When Should Adults Have a Baseline Eye Exam? A Baseline Exam Is Key to Eye Health!


There seem to be clear guidelines when it comes to scheduling your first mammogram or colonoscopy. Yet there is still quite an uncertainty about when one should start getting their baseline eye exam.

But What Is A Baseline Eye Exam In The First Place?

When someone talks about eye health, we are primarily reminded of correcting poor vision. Focusing only on aspects like far or nearsightedness leads us to believe that just a pair of prescription glasses would work fine. But vision care goes much beyond that!

You could have underlying eye problems. You could be seeing fine, but your vision may be deteriorating. Often many conditions have no overt symptoms until things worsen, and you’re left with options like a surgical intervention.

A baseline eye exam allows an eye practitioner to determine the overall health of your eyes. It is a comprehensive eye exam that can identify the warning signs of serious conditions such as glaucoma. These kinds of examinations are more suitable for middle-aged adults, those over 40, and recognize vision changes.

Even if you are below 40, an eye exam is a good idea.

Baseline Eye Exams in Your 20s and 30s

If you are an adult and eye care wasn’t part of your healthcare as a child, schedule your appointment right away.

Even if you believe your eyes are healthy and your vision is good, you should have a complete comprehensive exam with dilation by your eye doctor once in your 20s and twice in your 30s.

No signs or risk factors do not translate to good health. A baseline eye exam can detect what you aren’t able to!

How do you know if your vision is good or optimal?

By having an eye exam and we recommend that children have their first eye exam by age 4.

Of course, there are some exceptions, and you’d need to IMMEDIATELY SEE YOUR DOCTOR:

  • If you have an infection such as pink eye, an injury to an eye, or eye pain, or if you notice sudden floaters and flashes or patterns of light, schedule an eye exam right away!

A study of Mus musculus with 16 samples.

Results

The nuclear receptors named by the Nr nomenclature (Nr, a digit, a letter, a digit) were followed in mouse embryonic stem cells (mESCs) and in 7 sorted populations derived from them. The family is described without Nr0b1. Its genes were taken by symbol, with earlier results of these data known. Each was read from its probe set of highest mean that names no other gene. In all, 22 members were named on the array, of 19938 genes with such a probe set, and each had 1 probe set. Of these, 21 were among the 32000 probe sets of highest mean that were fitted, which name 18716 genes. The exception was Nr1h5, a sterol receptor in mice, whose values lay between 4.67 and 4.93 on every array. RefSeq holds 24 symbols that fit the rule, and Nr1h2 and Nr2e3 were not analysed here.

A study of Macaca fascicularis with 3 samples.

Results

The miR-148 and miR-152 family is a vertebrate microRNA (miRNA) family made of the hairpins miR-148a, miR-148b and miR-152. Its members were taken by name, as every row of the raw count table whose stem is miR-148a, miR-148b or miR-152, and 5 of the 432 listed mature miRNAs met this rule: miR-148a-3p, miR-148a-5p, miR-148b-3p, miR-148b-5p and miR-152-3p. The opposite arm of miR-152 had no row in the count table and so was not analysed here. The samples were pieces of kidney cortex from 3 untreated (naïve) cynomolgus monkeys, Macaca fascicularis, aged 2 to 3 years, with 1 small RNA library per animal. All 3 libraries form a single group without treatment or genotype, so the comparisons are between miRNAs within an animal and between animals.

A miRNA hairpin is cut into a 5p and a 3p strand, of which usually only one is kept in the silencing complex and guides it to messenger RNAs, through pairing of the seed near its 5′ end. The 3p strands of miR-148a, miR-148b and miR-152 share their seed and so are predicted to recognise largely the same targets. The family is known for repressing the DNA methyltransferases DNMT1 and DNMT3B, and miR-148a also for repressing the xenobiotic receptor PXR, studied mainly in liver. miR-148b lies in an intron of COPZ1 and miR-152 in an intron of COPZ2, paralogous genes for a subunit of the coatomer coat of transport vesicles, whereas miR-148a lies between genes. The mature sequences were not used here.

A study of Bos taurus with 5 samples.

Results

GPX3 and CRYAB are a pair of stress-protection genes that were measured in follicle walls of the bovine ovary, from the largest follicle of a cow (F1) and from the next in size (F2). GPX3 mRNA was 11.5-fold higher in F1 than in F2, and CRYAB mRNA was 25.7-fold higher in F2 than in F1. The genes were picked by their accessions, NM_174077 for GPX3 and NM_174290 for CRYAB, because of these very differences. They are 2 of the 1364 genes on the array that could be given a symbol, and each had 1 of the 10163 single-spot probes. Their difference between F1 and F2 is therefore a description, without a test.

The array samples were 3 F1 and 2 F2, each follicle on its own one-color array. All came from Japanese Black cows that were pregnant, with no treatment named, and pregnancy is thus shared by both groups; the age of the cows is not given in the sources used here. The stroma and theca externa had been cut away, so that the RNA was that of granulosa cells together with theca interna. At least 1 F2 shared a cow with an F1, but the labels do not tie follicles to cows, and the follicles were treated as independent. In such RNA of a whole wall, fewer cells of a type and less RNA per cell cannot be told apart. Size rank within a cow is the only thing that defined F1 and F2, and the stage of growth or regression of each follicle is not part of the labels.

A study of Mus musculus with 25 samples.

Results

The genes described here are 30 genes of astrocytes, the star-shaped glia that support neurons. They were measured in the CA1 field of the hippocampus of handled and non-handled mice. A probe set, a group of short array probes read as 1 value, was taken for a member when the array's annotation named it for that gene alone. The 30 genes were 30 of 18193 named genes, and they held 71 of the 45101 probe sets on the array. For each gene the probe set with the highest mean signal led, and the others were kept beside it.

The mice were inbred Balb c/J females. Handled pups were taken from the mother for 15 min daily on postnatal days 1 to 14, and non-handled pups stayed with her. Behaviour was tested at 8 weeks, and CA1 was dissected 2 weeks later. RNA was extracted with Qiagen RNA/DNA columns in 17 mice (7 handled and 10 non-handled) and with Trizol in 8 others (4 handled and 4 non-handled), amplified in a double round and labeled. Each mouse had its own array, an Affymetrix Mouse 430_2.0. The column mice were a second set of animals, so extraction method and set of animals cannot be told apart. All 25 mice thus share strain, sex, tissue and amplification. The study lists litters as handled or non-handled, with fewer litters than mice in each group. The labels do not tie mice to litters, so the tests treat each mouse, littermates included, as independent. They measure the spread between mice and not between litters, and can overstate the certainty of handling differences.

• If you wear contact lenses, see your eye doctor every year.
  • If you have diabetes or have a family history of eye disease, talk with your eye doctor about how often your eyes should be examined.

Don’t wait until 40 for an eye exam and when you stop being able to see fine print! Your doctor prefers a baseline to work from before presbyopia sets in!

Dr. Stephanie Marioneaux, a clinical correspondent for the AAO, said in a statement, “Many eye diseases progress without any warning sings.” She adds, “Gradual changes in vision can affect your ability to function independently and have confidence in your abilities. One of the hardest adjustments a person can make is adapting to life with permanent vision loss. That is why nothing replaces a comprehensive baseline eye exam.”

See an eye doctor now if you have an eye disease or risk factors such as:

  • Diabetes
  • High blood pressure
  • Family history of eye disease

Your doctor can set up your follow-up routine based on the initial findings. Since your risk for eye disease increases as you get older, it is crucial to follow the schedule your eye doctor gives you.


reader eye glasses maple grove area

Eye Exams After 40

Many serious problems can impact your vision after turning 40. Establishing your baseline eye health gives your doctor the right information to compare your future visits with and keep a record of your issues, if any.

Open-angle glaucoma is more prominent in people over 40. So, routine exams can help you prevent irreversible damage to your eyes. You can also keep your prescription up-to-date.

During your dilated eye exam, your doctor can also detect signs of:

  • Hypertension
  • Autoimmune conditions
  • Certain types of cancers
  • Sun damage and eye strain
  • Ocular allergies

Neglect your eye exam because you’re busy, and you could face serious eye problems impacting your daily life.

maple grove eye doctors seniors

Seniors and Eye Exams

If you are 65 or older, make sure you have your eyes checked every year. Eye exams are even more crucial as you reach your senior years.

When you go in for your appointment, your eye doctor will check for signs of age-related eye diseases such as:

  • Cataracts
  • Diabetic retinopathy
  • Age-related macular degeneration
  • Glaucoma

Vision problems can develop with no apparent discomfort until they are pretty advanced. Regular check-ups work wonders for older eyes.

Remember, always follow the schedule your eye doctor recommends for future eye exams!